Foundry Part 7: Finally the HOT stuff.

Last night I had my first melt. I still haven’t finished the foundry burner, so I just used the weed burner. It did alright, but was probably wasteful. I ended up having to shim the lid up so I could get enough air forced in from the weed burner and the propane bottle started getting pretty cold which is an indication of using quite a bit of propane.

I started pretty slowly bringing the small crucible up to heat, my goal to try to draw out and dry out any water it might have absorbed. Hopefully by going slow we wouldn’t crack the crucible on the first melt. I have two crucibles, this one is the small one that I think I can manhandle with a pair of channel locks, until I build the pouring tongs I need.

I am not sure I can describe the feeling of excitement and nervousness that I had while the foundry was coming up to temp, was I ready for this? Was it going to work with just the weed burner? Did I have enough safety equipment? Was this a dumb idea to pour the small crucible with some channel locks?  I took off the lid and things were glowing nicely. I understand why people use sunglasses at this stage now.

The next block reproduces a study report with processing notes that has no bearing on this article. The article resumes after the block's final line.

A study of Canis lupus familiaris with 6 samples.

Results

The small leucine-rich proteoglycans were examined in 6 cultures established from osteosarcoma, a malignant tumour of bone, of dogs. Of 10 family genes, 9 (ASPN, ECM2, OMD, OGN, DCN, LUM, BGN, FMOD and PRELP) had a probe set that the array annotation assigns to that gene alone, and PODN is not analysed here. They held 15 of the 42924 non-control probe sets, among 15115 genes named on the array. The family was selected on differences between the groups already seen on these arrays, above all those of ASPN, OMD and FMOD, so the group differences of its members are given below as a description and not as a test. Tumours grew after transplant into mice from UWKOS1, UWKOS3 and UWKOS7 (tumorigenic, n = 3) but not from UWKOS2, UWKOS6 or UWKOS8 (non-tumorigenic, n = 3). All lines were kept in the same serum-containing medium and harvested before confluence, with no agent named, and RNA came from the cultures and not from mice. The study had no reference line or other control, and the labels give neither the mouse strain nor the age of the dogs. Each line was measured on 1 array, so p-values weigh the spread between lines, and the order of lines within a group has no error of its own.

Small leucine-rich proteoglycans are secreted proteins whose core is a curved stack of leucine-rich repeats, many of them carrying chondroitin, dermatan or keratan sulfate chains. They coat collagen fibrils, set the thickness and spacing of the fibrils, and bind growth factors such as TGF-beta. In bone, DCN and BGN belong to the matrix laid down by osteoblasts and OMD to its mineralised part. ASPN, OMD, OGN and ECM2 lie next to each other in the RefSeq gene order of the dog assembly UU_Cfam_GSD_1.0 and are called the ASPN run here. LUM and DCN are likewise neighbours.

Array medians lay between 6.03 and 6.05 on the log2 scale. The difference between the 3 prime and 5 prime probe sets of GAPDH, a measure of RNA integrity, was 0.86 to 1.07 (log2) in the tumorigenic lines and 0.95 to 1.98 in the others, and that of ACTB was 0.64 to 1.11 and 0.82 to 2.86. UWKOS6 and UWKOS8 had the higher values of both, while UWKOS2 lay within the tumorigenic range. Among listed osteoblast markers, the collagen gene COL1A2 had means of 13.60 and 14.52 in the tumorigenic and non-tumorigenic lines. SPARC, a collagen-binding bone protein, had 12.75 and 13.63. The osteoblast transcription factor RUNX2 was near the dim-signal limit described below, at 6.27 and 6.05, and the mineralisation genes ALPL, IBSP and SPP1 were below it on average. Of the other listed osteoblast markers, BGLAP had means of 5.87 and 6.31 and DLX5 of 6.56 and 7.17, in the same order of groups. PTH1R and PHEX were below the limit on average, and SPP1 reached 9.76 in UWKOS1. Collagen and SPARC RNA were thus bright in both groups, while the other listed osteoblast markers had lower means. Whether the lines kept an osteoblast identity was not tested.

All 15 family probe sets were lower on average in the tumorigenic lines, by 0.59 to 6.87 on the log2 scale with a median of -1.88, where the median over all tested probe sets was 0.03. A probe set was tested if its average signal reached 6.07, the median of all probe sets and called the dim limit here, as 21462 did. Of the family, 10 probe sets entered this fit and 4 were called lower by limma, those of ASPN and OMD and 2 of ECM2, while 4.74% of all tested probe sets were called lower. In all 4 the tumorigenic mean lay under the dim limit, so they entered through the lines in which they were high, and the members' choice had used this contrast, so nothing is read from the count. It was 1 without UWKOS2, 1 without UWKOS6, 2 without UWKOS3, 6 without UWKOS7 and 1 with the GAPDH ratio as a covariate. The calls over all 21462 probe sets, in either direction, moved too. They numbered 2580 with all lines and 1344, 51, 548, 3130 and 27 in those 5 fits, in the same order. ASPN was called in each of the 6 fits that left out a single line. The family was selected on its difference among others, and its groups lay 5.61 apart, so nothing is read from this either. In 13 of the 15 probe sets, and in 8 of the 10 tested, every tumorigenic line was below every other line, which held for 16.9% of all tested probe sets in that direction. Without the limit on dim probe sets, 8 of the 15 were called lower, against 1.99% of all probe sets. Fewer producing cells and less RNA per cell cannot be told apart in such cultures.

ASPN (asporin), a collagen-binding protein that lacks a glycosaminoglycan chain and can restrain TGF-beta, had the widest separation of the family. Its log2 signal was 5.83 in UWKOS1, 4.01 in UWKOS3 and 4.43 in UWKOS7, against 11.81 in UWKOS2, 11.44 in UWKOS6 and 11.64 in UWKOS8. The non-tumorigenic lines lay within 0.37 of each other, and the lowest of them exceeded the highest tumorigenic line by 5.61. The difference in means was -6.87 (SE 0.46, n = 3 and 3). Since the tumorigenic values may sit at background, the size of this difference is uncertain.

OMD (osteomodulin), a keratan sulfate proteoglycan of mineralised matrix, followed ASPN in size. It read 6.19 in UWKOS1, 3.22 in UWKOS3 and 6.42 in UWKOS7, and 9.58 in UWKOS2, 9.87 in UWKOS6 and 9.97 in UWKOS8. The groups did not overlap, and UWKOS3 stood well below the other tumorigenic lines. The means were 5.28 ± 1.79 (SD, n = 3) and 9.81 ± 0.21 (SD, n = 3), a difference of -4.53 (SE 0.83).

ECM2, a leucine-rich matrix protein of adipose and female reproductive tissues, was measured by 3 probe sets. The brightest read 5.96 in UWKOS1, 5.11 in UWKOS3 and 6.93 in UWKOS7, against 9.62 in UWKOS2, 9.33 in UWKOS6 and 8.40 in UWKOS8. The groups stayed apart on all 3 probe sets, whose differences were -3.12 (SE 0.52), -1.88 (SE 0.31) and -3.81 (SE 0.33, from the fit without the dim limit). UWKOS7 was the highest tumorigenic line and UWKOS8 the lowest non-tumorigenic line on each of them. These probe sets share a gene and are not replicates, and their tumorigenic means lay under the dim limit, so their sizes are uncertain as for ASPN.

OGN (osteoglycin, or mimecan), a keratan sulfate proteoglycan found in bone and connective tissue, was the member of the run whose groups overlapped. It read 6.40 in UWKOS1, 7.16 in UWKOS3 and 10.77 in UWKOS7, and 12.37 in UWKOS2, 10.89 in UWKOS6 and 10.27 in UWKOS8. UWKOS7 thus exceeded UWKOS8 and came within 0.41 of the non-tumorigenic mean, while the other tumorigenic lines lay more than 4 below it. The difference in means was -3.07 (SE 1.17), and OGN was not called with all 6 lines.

I added some small aluminum scrap I have been collecting from computers and misc things to start off, and put the lid back on. Then I added some aluminum extrusions I had picked up at a garage sale a couple of weeks back, it was surprising to watch the extrusions melt through the top and just slowly slide down into the puddle of molten aluminum. Each one might have taken four minutes, I called Jennifer and Jasmine out to watch.

Top shimmed up and a piece of aluminum extrusion melting down into the crucible.

I want to make ingot molds, I have a design picked out I would like to make, but for this first test melt…. I just went to Fred Meyer and picked out some mini-loaf pans and a muffin tray. I had just arrived and was having a look at one, when an older lady came by and espoused her undying love for those mini loaf pans, evidently they are just the right size and she could get 5-6 loafs out of a normal recipe, and  especially now that she only had her and her husband left in the house… they were just the right size… I didn’t have the heart to tell her I was not going to use them for the intended purpose, that I was going to pour molten metal in them!

The first pour went well but I had forgot the teflon coating was going to burn off the pans and the bit of fire and smoke made it difficult to see for about five seconds. Once both were poured, I put the crucible back in the foundry,  added some bell housing scrap I had cut from a transmission put the lid back on and then some more of that extrusion. It all melted super quickly and was really clean, I did not have to skim dross. I did one more pour. Two ingots and two muffins.

2nd pour. two more ingots.
Silver mini loafs of aluminum.

 

 

 

 

I ended up with almost ~#10.75 of aluminum, 4.881 Kilos,  4 in ingots and 2 in muffins.

 

 

 

I may take the wire wheel to one of these and sand it up, and polish it, just to see how it works up since these were my first ingots!